Posted in Blog, Creative Writing, Personal, Writing

Sapphic Summer

Peeking through the window,

like a nervous, naughty infant,

with a disappointing school report,

I saw you.

I watched you.

I waited,

not by choice,

but by command of my confidence

(or lack thereof)

that insisted on spending several minutes,

wondering why someone so delightful,

decided to take me out for dinner.

I watched you,

waiting for me,

checking your phone,

the menu,

your drink,

before you were back to your phone,

texting me,

three fevered kisses,

that spurred me into action.

I want to tell them the rest.

I can’t rest until I tell them the rest,

all the ways that you were the best thing for me,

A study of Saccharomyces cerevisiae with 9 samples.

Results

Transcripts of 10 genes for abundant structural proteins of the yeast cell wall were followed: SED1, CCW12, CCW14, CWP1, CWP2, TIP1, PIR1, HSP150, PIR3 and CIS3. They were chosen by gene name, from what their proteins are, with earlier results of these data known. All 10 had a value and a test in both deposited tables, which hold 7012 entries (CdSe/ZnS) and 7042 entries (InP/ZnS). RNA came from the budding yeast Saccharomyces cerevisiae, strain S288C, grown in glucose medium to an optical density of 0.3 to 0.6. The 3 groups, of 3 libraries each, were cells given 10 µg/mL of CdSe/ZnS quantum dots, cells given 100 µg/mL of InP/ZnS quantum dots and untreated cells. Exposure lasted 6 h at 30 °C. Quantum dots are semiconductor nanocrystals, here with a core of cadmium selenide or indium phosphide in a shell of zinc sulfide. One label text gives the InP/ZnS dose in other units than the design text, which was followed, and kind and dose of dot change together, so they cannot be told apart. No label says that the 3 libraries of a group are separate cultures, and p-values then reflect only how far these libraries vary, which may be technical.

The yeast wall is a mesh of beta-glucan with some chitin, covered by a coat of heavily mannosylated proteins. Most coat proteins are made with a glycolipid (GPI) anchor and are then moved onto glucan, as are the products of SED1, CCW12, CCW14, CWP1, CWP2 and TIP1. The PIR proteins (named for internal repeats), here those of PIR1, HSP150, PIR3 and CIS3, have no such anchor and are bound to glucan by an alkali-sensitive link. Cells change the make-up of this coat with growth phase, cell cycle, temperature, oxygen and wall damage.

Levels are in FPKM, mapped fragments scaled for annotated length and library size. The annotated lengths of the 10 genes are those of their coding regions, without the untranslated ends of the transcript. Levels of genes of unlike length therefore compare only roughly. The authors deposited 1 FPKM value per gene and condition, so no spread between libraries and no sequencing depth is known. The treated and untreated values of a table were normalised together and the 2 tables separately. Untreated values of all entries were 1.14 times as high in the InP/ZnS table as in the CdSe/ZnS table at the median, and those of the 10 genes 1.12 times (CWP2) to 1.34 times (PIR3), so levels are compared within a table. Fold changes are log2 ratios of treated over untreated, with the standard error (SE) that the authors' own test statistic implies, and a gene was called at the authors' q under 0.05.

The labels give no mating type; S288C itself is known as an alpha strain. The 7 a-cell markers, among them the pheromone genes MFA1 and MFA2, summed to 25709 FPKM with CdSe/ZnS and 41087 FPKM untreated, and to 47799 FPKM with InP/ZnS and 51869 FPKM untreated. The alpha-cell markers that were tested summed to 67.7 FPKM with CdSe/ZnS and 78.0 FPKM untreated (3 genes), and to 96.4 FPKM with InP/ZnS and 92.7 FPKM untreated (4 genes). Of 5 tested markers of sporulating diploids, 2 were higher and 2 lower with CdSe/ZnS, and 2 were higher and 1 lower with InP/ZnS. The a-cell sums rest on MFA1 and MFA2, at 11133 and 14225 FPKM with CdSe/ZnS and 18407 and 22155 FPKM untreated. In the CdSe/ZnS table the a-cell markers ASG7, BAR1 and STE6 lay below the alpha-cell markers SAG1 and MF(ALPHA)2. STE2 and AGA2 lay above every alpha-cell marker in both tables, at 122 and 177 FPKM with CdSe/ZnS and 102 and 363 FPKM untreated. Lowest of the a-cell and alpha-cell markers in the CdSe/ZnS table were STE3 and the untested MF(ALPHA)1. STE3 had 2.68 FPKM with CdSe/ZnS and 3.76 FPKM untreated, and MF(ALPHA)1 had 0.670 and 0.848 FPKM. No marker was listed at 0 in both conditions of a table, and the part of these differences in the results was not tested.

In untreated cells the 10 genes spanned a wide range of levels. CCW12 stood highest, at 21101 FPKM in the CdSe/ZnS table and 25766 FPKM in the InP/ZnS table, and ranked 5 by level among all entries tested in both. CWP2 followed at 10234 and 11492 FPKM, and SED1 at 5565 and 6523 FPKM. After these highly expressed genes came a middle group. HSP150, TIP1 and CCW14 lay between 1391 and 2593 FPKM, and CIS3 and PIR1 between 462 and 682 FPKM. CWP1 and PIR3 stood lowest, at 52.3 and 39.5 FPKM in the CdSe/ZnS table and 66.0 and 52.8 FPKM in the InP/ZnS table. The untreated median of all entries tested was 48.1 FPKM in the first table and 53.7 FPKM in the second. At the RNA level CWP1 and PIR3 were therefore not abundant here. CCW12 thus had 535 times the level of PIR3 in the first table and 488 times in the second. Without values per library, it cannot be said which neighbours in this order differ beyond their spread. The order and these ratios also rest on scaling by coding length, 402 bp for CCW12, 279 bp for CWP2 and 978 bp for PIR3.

all the cruelty of how life took you from me,

but it hurts too much.

You hurt too much,


I’ll do what everybody does,

to avoid hard facts

(and to sell books)

and stick to the sex.

After several dinners,

(at which I got much better at just arriving,

instead of dawdling),

I found myself,

lost in your apartment,

losing my mind,

by command of your…

(Yep, I’m still too Catholic for major details)

I don’t even know if I can write it,

because I never really felt like I lived it.

To wrapped up in getting it right,

I got it all wrong,

and I was never present for your presence.

It haunts me.

You haunt me.

I visit your grave,

on Tuesdays at eight,

because your daughter only goes on weekends,

and she didn’t know about me.

There are some things that are too complex,

to discover about a mother,


I let her rest,

never telling her the rest,

never saying how you spent your final summer,

never saying the things I wish I didn’t remember.